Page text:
Ligue 1 news

'French tax will have big consequences'

December 30, 2013
By Ian Holyman, France Correspondent

French Football League (LFP) president Frederic Thiriez has called the decision of the Constitutional Council to validate the government's one-off tax on high earners "deeply regrettable."

Frederic Thiriez
GettyImagesFrederic Thiriez has described the tax as "absurd economically."

Holyman: Tax leaves Ligue 1 poor

Despite arguments put forward by opposition MPs and football bodies such the clubs' union, the UCPF, and Thiriez's own LFP, France's highest constitutional body ruled on Sunday a 75 percent tax can be levied on employers on all salaries they pay in excess of one million euros.

The measure, which applies to 2013 and 2014, will bring Francois Hollande's government an estimated additional 210 million euros, 44 million of which will come from professional football clubs, many of whom -- Thiriez told media -- will struggle to handle the additional outlay.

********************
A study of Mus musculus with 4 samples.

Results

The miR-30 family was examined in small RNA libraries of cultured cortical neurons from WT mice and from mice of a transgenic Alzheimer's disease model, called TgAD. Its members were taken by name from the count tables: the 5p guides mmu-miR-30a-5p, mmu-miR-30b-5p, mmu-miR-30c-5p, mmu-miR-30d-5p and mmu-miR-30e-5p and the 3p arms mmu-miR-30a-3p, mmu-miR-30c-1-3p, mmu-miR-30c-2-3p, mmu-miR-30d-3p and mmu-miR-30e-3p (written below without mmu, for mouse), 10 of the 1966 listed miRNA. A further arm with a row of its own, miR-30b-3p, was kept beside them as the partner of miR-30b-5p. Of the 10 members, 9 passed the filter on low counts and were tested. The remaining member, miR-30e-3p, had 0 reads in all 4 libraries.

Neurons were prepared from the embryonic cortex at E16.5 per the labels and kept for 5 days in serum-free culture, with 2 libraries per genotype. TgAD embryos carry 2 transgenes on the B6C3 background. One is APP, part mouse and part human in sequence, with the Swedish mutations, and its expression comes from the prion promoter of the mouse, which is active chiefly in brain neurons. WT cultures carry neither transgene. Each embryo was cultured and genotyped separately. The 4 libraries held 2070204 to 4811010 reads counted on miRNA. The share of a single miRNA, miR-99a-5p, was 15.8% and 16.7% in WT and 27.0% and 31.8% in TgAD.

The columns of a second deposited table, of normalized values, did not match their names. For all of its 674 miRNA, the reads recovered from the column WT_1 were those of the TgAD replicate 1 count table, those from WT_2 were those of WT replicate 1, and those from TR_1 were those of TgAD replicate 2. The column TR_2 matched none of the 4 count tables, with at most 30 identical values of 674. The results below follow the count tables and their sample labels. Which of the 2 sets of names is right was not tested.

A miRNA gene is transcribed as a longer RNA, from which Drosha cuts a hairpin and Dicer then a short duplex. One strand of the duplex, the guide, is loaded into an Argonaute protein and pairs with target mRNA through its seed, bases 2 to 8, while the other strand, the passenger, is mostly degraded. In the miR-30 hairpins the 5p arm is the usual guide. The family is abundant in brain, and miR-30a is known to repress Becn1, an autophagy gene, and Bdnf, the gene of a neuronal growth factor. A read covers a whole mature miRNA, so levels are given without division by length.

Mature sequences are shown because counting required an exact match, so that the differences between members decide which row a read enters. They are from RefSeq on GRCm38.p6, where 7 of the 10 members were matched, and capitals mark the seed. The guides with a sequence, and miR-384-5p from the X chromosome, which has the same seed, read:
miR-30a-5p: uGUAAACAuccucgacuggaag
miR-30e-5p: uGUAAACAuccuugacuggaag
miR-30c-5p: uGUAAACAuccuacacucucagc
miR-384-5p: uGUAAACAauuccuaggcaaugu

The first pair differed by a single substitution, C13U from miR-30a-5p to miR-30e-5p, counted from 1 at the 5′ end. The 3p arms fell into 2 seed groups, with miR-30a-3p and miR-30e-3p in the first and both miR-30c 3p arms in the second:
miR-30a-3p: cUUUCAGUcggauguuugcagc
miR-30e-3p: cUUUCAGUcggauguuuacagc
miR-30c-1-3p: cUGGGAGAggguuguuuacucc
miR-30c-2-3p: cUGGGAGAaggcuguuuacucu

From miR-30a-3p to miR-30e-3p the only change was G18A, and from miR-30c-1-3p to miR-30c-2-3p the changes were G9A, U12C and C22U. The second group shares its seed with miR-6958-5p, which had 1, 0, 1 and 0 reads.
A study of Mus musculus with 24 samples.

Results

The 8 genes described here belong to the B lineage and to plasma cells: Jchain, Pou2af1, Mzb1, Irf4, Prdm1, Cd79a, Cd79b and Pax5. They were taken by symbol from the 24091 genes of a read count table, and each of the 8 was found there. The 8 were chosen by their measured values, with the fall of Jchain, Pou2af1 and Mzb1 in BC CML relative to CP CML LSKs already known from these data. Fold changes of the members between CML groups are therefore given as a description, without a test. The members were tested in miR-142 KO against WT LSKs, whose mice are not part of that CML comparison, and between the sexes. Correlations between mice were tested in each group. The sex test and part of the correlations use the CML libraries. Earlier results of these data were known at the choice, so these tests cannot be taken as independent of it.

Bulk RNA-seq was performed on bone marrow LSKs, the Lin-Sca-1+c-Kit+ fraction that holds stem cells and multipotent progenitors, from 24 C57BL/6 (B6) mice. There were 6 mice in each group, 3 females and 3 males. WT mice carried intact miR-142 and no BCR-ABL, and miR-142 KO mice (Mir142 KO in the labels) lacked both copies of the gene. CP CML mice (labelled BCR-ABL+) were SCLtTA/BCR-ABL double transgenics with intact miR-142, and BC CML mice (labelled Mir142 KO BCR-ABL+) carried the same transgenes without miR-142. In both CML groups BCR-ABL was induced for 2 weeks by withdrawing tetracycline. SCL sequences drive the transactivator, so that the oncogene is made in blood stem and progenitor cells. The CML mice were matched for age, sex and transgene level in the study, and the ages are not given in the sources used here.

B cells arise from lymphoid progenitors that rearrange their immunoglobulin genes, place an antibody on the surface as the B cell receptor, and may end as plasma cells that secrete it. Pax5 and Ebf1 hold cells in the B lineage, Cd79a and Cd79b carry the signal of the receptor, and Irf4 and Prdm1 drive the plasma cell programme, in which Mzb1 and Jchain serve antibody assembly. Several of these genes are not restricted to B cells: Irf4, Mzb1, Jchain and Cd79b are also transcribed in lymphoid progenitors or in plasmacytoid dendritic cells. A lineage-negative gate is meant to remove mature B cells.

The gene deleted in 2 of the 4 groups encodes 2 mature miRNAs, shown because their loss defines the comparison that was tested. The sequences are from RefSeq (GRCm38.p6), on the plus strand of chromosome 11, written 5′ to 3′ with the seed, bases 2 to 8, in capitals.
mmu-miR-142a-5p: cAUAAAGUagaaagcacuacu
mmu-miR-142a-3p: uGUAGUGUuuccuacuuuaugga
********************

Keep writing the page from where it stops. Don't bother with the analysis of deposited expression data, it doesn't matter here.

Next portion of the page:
"The decision of the Constitutional Council is deeply regrettable," the 61-year-old said in quotes reported by RTL. "Everyone acknowledges the 75 percent tax is absurd economically, ineffective fiscally and unfair socially."

He added: "The consequences will be very big for our clubs in the years to come."

While Monaco are excluded from the measure and Paris Saint-Germain's Qatari owners have the funds necessary to cover their estimated 20 million bill, their Ligue 1 rivals have no such safety net.

After initially postponing a lock-out originally scheduled for late November, the UCPF -- which represents clubs in France's professional top two tiers -- had suggested they may go on strike later this season in response to the measure, which they claim will force clubs to sell players to cover the cost.

Comments

Use a Facebook account to add a comment, subject to Facebook's Terms of Service and Privacy Policy. Your Facebook name, photo & other personal information you make public on Facebook will appear with your comment, and may be used on ESPN's media platforms. Learn more.